Although it may sound ominous, the so-called “death tax” is not as unsettling as it might seem.
The Tax Cuts and Jobs Act currently making its way through Congress includes a phase-out of the death tax over several years, however, let’s discuss what this income tax is in its current form.
The death tax, in simple terms, is an income tax levied on the total asset value of an individual’s total estate value upon death. Presently, there are some very high exemption amounts whereby amounts below the exemption are NOT subject to the estate tax.
In addition to federal estate taxes, several states collect what some accountants call a “death tax,” based on the overall value of the estate of the deceased or on the value of the individual inheritances.
- When derived from the value of the estate, the first instance of this “death tax” can be viewed as falling under the larger umbrella of “estate tax” and is often referred to as such.
- The latter version, derived from the value of the individual inheritances, is technically an inheritance tax, rather than an estate tax.
Who Pays These Taxes?
While beneficiaries are responsible for paying such taxes on their own bequests, it is not unusual for such a tax to be paid by estates’ executors on behalf of their beneficiaries.
Regardless of who inherits the assets, estate taxes are always charged against the estate, but the rules are a bit different for inheritance taxes: depending on the relationship of the inheritor to the deceased, the exemptions may differ. For instance, in some states, spouses, siblings, and children often have different exemptions.
Where Are Inheritance / Estate Taxes Collected?
Six states have an inheritance tax, while fifteen others, in addition to the District of Columbia, have an estate tax. Two states, Maryland and New Jersey, actually have both an inheritance and an estate tax. In recent years, however, repeal and reform of estate and inheritance taxes have been relatively frequent, with numerous states in the process of phasing in higher exemptions. It has been posited that estate and inheritance taxes may actually inhibit entrepreneurship and can be harmful to economic growth in the long run, so it’s no wonder that states have been working to reform their death tax-related laws.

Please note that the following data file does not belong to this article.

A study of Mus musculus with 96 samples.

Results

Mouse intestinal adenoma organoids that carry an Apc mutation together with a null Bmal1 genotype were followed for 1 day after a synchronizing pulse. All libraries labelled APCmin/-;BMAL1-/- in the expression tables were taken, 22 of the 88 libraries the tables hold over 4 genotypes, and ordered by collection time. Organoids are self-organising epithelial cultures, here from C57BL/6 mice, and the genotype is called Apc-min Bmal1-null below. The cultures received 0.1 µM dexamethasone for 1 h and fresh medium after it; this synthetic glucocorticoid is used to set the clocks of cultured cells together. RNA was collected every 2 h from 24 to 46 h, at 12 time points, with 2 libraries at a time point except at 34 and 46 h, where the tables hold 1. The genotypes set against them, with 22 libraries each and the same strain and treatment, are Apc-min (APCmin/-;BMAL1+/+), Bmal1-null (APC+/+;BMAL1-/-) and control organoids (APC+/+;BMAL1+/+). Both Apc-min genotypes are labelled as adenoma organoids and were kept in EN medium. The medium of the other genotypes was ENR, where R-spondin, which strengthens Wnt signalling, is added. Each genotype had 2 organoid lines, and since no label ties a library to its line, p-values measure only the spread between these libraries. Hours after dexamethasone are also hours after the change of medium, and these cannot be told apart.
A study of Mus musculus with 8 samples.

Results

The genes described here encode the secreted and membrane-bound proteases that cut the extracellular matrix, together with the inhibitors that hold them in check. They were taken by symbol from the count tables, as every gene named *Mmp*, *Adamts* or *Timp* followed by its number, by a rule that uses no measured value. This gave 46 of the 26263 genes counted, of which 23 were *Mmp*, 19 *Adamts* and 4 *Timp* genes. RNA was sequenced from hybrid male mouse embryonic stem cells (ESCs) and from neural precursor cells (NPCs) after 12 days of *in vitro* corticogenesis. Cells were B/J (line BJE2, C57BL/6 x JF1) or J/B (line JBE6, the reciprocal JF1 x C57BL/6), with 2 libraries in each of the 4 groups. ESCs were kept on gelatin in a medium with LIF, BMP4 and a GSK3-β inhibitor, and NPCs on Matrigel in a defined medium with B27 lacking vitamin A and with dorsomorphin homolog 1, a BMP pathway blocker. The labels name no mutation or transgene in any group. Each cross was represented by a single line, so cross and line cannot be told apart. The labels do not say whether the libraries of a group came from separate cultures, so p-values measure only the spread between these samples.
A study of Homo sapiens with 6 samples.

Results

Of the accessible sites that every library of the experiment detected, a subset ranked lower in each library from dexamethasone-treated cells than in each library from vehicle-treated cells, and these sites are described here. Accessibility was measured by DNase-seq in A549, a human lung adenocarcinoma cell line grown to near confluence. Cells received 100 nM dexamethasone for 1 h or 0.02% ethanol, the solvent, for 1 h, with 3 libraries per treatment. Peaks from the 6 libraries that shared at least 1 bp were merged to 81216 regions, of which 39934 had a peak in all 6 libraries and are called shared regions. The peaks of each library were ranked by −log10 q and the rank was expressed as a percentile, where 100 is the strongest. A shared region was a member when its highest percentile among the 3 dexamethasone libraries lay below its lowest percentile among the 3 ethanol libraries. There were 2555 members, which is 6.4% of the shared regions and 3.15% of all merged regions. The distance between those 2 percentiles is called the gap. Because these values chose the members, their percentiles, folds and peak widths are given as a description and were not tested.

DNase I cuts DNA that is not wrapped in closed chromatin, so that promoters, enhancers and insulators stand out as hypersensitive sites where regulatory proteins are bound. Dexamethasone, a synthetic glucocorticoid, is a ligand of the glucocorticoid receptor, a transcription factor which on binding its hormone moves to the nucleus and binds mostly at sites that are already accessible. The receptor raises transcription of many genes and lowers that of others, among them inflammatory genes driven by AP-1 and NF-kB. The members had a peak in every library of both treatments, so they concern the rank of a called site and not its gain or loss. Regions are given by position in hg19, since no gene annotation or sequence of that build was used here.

Currently, in the state of California, there is no state estate tax imposed in addition to the standard federal estate tax. The exemption from the federal estate tax is $5.49 million for an individual or $10.98 million for a couple, after which a 40% estate tax is levied. This tax rate is indexed to inflation. Subject to the estate tax are all of the decedent’s assets, including cash, property in joint tenancy, IRAs, living trusts, and life insurance (if controlled or owned by the deceased).
The state of California did have an inheritance tax until 1981, but this was voted out in a statewide election. And, prior to 2005, the state of California imposed a so-called “pick-up tax” based on the state estate tax credit allowed by the IRS on the federal tax return. Currently, there are no state taxes on inheritance or gifts.
The best way to assure that your loved ones and employees are secure after you pass is to have an estate plan prepared by a lawyer who specializes in this area and to meet with your CPA/Tax advisor.
You can’t avoid death, but you can minimize death taxes if you prepare. Contact the tax experts at Sousa & Weber to discuss your situation and for referrals to highly respected estate attorneys.